Is Derek Jeter going to bat leadoff instead of Johnny Damon this year, and, if so, why? Do you see this change as a positive for the Yankees?
-- Neil G., Yonkers, N.Y.
That's the plan right now. The idea came from something manager Joe Girardi saw when the Yankees were hitting Jorge Posada leadoff in Spring Training so he would get more at-bats. Damon showed an ability to consistently hit the ball to the right side and move runners along, so they kept trying it when Jeter came back from the World Baseball Classic.
Girardi also likes how the right-handed Jeter breaks up the left-handed hitting No. 9 hitter, Brett Gardner, and Damon in the late innings, complicating the situation for opposing clubs that might want to bring in a lefty to face Gardner or Damon. Also note that Jeter has hit into 45 double plays over the last two years, ranking among the league leaders.
So what does it all mean? Baseball researcher David Pinto figures the lineup switch improves the Yankees' lineup by 0.02 runs per game, or about three runs over the course of the season. Could that mean one more victory in the long run? If so, it's a good idea.
Why are the Yankees starting CC Sabathia at the new Yankee Stadium opener? Andy Pettitte deserves that start over anyone. Finishing the old Yankee Stadium with a win, shouldn't he be given the chance to win the first at the new one?
-- Floyd G., Pleasant Valley, N.Y.
Joe Girardi did say at the time that Pettitte had been considered for the April 16 start, but the timing did not set up. Girardi said it certainly was not a slight on Pettitte, who has provided the Yankees with so much service over the years and -- as you mentioned -- had the opportunity to make that last start across the street last Sept. 21.
Pettitte started the exhibition game against the Cubs on Saturday and will pitch on his fifth day on Friday at Kansas City, setting him up to go on regular rest on April 15 at Tampa Bay -- he just missed it. Sabathia started the Grapefruit League finale to set his Monday start at Baltimore. He'd pitch April 11 at Kansas City and then April 16 in New York on regular rest.
Sure, it would have been nice to see Pettitte out there, book-ending the two ballparks. But at the end of the day, Sabathia is the Yankees' ace and it will be appropriate to have their biggest offseason pitching acquisition on the mound when they open up the new building. Pettitte will have plenty of chances to take the ball there this year -- at least, the Yankees hope he will.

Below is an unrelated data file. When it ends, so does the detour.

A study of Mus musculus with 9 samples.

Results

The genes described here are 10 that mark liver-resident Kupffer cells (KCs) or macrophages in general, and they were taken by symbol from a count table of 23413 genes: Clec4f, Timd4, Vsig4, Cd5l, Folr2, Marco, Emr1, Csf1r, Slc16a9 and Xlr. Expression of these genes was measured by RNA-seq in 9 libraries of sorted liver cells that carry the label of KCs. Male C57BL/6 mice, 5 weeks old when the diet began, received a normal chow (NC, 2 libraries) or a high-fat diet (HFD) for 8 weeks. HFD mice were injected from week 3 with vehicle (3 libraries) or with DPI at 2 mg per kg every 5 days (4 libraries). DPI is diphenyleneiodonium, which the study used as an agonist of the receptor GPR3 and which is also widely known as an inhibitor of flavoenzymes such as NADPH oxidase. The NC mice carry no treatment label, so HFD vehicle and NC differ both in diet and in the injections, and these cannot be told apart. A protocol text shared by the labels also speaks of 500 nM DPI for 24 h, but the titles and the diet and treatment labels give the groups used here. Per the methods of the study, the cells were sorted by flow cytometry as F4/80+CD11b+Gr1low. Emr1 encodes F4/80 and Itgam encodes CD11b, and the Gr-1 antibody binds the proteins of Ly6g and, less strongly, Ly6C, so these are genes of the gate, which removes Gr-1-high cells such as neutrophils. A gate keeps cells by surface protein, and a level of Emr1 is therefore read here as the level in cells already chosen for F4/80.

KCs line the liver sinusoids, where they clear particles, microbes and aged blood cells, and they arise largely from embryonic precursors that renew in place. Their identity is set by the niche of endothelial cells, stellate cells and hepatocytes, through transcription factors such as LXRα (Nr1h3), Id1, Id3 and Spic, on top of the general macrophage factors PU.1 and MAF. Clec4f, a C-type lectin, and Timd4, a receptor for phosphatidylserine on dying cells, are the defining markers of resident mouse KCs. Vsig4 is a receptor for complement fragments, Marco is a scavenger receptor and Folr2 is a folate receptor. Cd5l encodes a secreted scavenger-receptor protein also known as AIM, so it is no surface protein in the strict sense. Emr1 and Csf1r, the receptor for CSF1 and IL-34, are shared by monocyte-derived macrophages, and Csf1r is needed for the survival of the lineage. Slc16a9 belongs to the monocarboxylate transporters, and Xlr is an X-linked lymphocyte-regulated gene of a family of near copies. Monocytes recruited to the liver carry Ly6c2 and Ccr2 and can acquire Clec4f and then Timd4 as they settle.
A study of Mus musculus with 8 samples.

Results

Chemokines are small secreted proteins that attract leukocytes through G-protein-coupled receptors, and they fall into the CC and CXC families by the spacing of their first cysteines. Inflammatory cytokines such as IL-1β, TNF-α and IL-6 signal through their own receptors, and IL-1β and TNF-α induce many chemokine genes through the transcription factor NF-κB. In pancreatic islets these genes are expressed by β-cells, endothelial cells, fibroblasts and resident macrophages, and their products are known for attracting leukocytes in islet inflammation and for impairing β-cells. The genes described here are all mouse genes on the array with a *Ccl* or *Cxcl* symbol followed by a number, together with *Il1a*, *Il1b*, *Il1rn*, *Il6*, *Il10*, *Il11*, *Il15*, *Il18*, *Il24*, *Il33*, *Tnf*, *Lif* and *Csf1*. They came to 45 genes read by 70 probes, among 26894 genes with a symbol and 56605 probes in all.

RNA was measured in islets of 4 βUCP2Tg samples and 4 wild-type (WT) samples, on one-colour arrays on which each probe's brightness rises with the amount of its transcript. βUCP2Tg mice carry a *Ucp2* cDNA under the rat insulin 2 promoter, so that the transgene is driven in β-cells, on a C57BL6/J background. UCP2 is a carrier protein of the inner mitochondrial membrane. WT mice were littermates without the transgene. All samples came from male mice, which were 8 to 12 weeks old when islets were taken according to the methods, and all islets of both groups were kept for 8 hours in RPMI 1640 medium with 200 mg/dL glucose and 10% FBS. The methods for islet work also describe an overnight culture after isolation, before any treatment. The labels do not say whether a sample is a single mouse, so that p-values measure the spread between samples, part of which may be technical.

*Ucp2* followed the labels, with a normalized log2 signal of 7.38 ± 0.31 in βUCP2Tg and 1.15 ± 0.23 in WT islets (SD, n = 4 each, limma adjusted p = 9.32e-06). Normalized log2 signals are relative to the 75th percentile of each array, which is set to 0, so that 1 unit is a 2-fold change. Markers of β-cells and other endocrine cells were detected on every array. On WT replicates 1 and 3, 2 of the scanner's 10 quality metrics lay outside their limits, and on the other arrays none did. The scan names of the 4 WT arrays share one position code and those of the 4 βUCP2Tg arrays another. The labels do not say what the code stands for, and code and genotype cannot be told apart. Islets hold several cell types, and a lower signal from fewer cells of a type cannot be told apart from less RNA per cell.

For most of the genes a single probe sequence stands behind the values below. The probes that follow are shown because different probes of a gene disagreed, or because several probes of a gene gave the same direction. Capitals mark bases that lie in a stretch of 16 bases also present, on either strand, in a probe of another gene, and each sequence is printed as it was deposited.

When the Yankees play the home opener on April 16, will Girardi use Mariano Rivera regardless of what the score is in the ninth inning, sort of like the final game at the old Yankee Stadium?
-- Andrew H., Fresh Meadows, N.Y.
Can't imagine that would be the case. Last year, the Yankees were already eliminated at the time of the finale, and pitching Rivera with a 7-3 lead against the Orioles was the proper, sentimental call to make. Of course everyone wanted to hear 'Enter Sandman' and see him record the last three outs. But it wouldn't make any sense to burn Rivera in a blowout on April 16, because these games count for real and there's always a chance Rivera would be needed the next day in a much more important situation.
What are the chances the Yankees will keep Hideki Matsui?
-- Tim, Albany, N.Y.
It seems evident we may be looking at the last year of Matsui in a Yankees uniform. He may very well be productive this year, but a DH who can't play the field because of his knees is a luxury the Yankees can't afford. There may come a day when Jorge Posada cannot be an everyday catcher, and there's no shame in that -- it happens. Jeter may also begin seeing more time as a DH, and having Matsui in the mix beyond 2009 could complicate that. Matsui said this spring he hasn't thought about this as his last go-round, but said he would love to win the World Series that has thus far eluded him.
-- Vinny J., Inverness, Fla.
As of right now, Cabrera remains as one of the Yankees' reserve outfielders and Girardi said he could see Cabrera making as many as four starts a week, backing up all three positions and remaining productive. A platoon situation is not in the cards, so the Yankees would certainly listen to offers for Cabrera, but there's no hurry to make a trade just because he's not in the Opening Day lineup. As Brian Cashman would say, if it makes the team better, the Yankees would consider it.
Why don't the Yankees give Phil Coke consideration for the eighth inning setup role? He has an impressive ERA, good strikeout ratio, and doesn't walk many batters.
-- David H., Coral Springs, Fla.
First things first -- for as sharp as Coke looked last September and this spring, he's still relatively a newcomer to the big leagues. The Yankees believe that Brian Bruney and Damaso Marte, two arms with a little more experience, can fill that role. If it doesn't work, open up the competition. But for now, they'll ask Bruney and Marte to get the ball to the ninth inning.
What has happened to Phil Hughes? He had a very good spring. Has he been sent down with the intention of getting in innings, then bringing him up if needed?
-- Henri G., Las Vegas, Nev.
That's basically the idea. Hughes came into camp knowing that things didn't work out on paper for him if the rotation stayed healthy. After various injuries, Hughes' most important need right now is to build up innings, which is why the Yankees didn't consider carrying him as a long reliever -- pitching sporadically would hinder his development. Hughes probably will be up at some point this year, but there are no guarantees. Essentially, the Yankees will call up the pitcher performing the best in Triple-A when the need arises in New York.
Bryan Hoch is a reporter for MLB.com. This story was not subject to the approval of Major League Baseball or its clubs.